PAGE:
Did you know that Hatha yoga means the yoga of effort?

It means physical yoga, as opposed to the other 4 types listed below.  Some people are interested in why Yoga is different to any other form of exercise.  Its origins are ancient, and from India, both of which can make it seem unusual and exotic.   But the system of Iyengar Yoga has taken a lot of this information and adapted it for western consumption.  However the underlying concepts are still the same- they have not been diluted in Iyengar yoga as they have been in some ‘new age’ therapies.

There are 5 types of yoga:

  1. Jnana Yoga, the Yoga of Knowledge, using meditation for Self-realization.
  2. Bhakti Yoga, the Yoga of Devotion, seeking union with God as the Divine Father or Divine Mother.
  3. Karma Yoga, the Yoga of Service, emphasizing ritual worship of the Divine and service to living beings.
  4. Raja Yoga, the Royal Yoga of higher techniques and methods, mainly of mantra and meditation.
  5. Hatha Yoga, the Yoga of Effort or of lower techniques and methods, mainly asana and pranayama.

Whilst we can follow any of these 5 paths, westerners tend to be drawn more to the ‘lower methods’!  All 5 paths are supposed to eventually guide the practitioner towards ‘Samadhi’ (union with the divine).  In real terms, for most of us, this translates as feeling more ‘at one’ with the world around us and feeling less stressed as a result.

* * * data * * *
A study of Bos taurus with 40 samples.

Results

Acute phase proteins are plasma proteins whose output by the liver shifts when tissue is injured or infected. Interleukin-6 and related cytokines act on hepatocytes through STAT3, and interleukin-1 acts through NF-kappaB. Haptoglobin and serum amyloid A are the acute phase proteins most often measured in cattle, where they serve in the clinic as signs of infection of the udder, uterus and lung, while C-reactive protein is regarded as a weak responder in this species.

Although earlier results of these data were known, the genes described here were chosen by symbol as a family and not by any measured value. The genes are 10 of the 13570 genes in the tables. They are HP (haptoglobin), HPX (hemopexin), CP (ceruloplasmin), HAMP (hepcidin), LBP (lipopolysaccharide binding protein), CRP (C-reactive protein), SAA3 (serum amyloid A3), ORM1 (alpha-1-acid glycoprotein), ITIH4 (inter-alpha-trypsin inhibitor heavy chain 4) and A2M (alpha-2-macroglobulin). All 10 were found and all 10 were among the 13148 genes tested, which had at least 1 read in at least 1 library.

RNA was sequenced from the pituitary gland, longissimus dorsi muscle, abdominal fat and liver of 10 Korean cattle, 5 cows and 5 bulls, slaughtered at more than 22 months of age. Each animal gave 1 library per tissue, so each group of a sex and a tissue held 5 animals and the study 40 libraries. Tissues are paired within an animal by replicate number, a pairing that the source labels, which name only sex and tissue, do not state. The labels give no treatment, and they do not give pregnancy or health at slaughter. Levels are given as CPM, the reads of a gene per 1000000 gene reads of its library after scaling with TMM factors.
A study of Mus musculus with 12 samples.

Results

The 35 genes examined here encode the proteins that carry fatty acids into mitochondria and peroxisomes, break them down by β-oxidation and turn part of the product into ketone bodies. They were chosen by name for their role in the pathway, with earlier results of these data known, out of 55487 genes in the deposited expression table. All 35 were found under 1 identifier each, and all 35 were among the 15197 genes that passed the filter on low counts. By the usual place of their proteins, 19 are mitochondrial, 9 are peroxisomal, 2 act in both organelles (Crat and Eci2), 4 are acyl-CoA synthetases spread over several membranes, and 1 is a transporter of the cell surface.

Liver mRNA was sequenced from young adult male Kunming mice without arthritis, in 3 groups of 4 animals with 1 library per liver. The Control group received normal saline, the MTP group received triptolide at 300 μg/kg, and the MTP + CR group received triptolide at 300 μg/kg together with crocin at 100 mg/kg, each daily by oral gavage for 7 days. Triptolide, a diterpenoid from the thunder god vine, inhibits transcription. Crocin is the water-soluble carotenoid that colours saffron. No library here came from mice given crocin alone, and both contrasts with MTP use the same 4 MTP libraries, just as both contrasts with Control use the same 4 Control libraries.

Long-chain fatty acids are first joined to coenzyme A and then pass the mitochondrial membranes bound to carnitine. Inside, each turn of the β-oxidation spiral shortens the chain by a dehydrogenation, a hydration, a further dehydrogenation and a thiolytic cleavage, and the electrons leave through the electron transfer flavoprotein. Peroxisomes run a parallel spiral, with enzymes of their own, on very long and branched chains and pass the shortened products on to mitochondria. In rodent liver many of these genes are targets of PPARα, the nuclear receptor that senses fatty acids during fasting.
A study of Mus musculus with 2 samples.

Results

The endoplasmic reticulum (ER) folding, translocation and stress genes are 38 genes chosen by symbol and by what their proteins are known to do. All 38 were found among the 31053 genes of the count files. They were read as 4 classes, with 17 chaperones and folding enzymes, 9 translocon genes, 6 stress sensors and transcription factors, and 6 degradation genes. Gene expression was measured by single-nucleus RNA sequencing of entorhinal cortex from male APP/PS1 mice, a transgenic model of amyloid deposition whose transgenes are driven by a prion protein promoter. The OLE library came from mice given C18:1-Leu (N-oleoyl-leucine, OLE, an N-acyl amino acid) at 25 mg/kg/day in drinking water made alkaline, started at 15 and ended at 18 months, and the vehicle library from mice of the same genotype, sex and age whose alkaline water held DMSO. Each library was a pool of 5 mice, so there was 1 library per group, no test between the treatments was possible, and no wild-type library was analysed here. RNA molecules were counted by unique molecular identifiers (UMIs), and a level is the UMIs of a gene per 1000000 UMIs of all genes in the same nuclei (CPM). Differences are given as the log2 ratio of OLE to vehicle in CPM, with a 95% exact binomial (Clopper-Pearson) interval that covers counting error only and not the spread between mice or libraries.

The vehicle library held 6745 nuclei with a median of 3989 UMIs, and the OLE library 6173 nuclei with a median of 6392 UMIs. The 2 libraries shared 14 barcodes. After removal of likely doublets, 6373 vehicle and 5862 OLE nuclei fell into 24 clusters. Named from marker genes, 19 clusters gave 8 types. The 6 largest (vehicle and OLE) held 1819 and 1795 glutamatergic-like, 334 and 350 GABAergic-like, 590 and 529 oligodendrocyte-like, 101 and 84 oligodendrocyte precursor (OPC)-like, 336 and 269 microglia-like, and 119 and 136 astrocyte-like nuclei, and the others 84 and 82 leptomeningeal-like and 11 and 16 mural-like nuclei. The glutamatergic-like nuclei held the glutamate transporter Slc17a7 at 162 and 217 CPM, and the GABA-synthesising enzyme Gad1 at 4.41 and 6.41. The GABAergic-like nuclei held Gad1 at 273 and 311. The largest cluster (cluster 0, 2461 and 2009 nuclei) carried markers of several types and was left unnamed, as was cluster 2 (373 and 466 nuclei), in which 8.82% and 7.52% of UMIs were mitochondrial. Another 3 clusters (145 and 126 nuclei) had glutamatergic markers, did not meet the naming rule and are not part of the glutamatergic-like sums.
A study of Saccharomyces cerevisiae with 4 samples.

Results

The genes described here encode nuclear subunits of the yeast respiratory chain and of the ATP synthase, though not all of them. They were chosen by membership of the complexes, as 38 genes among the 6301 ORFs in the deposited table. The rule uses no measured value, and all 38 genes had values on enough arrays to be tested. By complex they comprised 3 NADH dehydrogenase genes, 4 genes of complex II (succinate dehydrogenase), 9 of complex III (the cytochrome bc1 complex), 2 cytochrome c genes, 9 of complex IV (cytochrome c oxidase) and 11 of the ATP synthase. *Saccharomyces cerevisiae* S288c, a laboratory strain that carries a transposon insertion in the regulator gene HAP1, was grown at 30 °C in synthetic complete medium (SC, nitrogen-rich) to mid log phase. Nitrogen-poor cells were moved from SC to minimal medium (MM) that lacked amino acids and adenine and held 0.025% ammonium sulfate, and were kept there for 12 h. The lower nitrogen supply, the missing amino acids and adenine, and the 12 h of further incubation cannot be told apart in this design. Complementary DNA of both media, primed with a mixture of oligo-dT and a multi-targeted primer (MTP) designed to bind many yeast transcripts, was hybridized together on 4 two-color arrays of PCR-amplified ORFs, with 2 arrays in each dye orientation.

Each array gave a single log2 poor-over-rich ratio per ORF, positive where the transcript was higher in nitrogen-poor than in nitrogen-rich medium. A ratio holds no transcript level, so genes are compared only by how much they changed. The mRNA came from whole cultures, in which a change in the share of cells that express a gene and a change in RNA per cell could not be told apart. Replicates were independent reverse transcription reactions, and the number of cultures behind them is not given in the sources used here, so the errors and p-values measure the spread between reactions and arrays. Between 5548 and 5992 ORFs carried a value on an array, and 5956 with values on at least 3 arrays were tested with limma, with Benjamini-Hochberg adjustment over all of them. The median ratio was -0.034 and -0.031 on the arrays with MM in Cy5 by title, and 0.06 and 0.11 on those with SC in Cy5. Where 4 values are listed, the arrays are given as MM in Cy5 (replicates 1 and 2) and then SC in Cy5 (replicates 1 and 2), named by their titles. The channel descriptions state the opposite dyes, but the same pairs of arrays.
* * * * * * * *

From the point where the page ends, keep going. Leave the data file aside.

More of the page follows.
Hatha Yoga is more suited to our busy modern lives than the other 4 methods.  The daily home practice may seem more accessible than sacred study, for example.  So, Yoga classes tend to follow the 5th…HIMG_0046atha yoga or ‘the yoga of EFFORT’…….this means that we need to actually challenge ourselves, not just lie down and fall asleep!  So,  it really is necessary for us to work hard, to put in this effort, within our limits, in class and at home in our own practice.

Once we commit fully to our Yoga practice, we can gain far more than any gym routine.  If we perform half-heartedly or without concentration, we cannot expect to yield full results.   I hope that understanding that Hatha Yoga means the Yoga of effort may help you to fully commit to your own practice.